The Talmud is a stupendous post-Biblical work which gathers up the results of Jewish legal, ethical, and religious discussions extending over several centuries. This is all that most people know about it.

Some people are aware also that, while there is only one Mishnah, there are in fact two Talmuds, a Jerusalem Talmud and a Babylon Talmud, one comprising the Mishnah together with the discussions of Palestinian rabbis, the other incorporating practically the same Mishnah together with the discussions of the Babylonian rabbis.

In each case the discussions for which the Mishnah provided the text are known as the Gemara, or Completion. The Gemara supplements the Mishnah, and the two together constitute the Talmud.

The Talmud is not easy to read for various reasons. The Mishnah is written in new Hebrew, a Hebrew in which many new words and phrases were coined to express new ideas, and in which foreign vocabularies, Aramaic, Greek, and Latin, were extensively drawn upon.

The language of the Babylonian Gemara, where it is not pure Aramaic, is a peculiar mixture of Hebrew and Aramaic, with an occasional sprinkling of Persian words. The style also for the most part presents great difficulty, for it is a kind of précis-writing which presupposes oral amplification and explanation, so much so that the Talmud has been described as a collection of reporters’ notebooks rather than a connected book.

Thus the Talmud does not lend itself easily to translation. Often if the text were translated literally the result would read like pure nonsense. To make it intelligible words or even whole sentences have frequently to be supplied. Nor will even this entirely suffice; footnotes have to be added to make the matter clear. It must be remembered, however, that the Talmud has two different methods of exposition, one of which makes easier reading than the other.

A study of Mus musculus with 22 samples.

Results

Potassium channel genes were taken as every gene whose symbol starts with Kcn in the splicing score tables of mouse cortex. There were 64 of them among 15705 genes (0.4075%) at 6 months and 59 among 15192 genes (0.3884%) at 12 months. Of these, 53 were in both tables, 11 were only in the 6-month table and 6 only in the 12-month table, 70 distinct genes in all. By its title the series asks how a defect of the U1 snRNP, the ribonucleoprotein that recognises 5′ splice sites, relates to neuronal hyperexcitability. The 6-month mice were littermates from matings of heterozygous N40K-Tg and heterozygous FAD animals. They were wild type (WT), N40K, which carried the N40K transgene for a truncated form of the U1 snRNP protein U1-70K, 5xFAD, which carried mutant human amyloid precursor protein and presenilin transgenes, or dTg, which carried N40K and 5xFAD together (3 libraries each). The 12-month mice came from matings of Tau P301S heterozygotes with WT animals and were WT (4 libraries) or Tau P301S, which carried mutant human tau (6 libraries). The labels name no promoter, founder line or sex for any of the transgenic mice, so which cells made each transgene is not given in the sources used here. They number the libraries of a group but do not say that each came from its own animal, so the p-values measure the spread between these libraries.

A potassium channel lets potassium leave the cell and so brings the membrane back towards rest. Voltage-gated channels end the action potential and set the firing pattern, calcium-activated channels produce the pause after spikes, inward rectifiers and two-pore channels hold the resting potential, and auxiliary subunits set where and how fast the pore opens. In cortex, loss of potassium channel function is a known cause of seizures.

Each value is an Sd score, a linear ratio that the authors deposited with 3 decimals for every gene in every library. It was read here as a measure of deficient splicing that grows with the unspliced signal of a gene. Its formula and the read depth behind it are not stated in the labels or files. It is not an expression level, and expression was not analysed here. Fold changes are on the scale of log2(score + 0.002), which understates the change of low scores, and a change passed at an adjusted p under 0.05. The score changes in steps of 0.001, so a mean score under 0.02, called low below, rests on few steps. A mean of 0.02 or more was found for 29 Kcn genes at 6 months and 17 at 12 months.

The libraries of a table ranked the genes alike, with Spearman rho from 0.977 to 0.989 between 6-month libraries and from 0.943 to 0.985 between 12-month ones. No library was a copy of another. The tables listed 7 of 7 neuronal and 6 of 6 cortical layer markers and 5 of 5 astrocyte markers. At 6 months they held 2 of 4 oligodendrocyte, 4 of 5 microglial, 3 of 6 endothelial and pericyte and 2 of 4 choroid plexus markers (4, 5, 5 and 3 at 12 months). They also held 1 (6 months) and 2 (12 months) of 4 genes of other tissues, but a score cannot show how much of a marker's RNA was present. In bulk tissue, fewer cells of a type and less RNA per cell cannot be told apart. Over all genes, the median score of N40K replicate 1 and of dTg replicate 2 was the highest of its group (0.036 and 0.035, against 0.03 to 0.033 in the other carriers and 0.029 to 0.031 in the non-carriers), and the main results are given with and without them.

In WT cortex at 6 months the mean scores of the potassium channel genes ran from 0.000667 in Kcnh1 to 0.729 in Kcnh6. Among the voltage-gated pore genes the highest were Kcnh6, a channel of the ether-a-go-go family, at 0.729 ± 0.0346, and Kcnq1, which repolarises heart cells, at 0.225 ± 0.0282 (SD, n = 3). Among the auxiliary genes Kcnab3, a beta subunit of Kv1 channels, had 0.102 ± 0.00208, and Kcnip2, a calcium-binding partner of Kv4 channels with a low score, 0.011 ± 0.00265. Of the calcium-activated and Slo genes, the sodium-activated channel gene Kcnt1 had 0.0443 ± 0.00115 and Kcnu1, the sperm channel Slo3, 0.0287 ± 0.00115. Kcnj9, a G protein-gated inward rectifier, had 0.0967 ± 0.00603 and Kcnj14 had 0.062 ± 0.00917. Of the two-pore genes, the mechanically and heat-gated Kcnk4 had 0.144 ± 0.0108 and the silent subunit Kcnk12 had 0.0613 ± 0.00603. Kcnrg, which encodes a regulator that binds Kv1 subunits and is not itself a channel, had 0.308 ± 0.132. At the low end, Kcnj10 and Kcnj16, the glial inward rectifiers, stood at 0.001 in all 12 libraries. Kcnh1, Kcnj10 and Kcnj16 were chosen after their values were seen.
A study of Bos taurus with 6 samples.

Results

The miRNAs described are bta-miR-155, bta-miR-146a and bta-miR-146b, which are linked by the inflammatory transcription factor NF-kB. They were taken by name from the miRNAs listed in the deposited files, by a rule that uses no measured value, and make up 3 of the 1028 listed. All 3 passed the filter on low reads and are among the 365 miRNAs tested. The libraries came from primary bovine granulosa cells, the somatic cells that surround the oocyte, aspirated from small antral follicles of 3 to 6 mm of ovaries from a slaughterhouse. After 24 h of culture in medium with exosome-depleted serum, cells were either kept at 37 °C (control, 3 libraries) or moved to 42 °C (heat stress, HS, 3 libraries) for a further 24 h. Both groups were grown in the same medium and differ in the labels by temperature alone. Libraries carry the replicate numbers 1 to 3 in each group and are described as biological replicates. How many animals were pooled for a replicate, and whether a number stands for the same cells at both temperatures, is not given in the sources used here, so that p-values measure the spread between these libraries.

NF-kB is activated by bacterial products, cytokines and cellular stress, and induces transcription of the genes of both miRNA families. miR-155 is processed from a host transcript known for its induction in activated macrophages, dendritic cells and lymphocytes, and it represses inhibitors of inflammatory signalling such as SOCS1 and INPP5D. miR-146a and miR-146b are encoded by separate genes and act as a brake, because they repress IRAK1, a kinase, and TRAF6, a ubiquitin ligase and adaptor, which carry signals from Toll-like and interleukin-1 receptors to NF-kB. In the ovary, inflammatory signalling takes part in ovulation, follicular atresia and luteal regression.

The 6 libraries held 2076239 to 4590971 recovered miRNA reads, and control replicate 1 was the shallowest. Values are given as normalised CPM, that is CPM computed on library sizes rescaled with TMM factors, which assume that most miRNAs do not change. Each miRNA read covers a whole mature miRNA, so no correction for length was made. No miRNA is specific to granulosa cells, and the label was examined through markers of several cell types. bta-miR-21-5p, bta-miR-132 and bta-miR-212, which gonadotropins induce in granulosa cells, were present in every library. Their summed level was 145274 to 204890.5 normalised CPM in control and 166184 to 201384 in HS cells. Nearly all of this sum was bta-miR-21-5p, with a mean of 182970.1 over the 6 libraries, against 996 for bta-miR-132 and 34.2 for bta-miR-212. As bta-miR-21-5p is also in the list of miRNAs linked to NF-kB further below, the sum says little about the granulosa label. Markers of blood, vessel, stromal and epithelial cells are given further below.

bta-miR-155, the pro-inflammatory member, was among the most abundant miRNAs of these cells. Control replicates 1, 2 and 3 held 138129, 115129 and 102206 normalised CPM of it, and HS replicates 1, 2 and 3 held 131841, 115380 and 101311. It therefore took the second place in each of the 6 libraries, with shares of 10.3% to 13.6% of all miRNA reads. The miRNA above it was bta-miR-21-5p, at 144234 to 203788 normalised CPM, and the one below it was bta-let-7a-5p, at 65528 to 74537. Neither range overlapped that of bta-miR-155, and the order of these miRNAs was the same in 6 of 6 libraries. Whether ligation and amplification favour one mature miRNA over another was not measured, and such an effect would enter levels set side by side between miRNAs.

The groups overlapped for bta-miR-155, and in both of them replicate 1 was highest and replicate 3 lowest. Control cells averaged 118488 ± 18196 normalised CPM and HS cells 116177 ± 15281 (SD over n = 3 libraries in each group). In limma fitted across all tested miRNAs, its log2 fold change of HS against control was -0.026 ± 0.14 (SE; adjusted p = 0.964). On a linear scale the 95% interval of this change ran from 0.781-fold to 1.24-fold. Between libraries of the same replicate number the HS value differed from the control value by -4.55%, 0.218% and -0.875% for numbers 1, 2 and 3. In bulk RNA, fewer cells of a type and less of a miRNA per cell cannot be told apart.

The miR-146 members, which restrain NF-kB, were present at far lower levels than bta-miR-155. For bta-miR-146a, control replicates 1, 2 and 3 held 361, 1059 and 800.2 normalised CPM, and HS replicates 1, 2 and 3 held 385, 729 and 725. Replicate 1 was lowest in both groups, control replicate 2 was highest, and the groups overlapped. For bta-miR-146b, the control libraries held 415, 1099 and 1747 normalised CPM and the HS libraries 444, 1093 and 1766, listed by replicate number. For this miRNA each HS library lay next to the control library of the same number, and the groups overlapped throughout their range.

One is the dry, legalistic method which discusses legal principles and provisions for the walk of lifeand is known as Halachah from a root meaning "to walk"; the other is the more humanistic method which illustrates rules of behavior by means of tales, anecdotes, parables, etc., and is known as Haggadah from a root meaning "to narrate." This latter method relieves and enlivens the dry, legalistic discussions.

In view of all the difficulties of one kind and another, it has been maintained by many that it is impossible to translate works like the Zohar and the Talmud. The word "impossible", however, does not seem to find a place in the vocabulary of the directors of the Soncino Press.

The eight volumes of the Talmud, now published as a first instalment, complete the important division known as Nezikin or Damages. This division, which is subdivided into ten tractates, treats of such matters as damage to property, courts of justice, trials, arbitration, offences punishable by flogging, private and public oaths, traditions of early authorities, pagan worship, aphorisms and maxims of successive generations of teachers, and erroneous rulings by religious authorities in matters of ritual law. Thus it covers what we know as civil law and criminal law.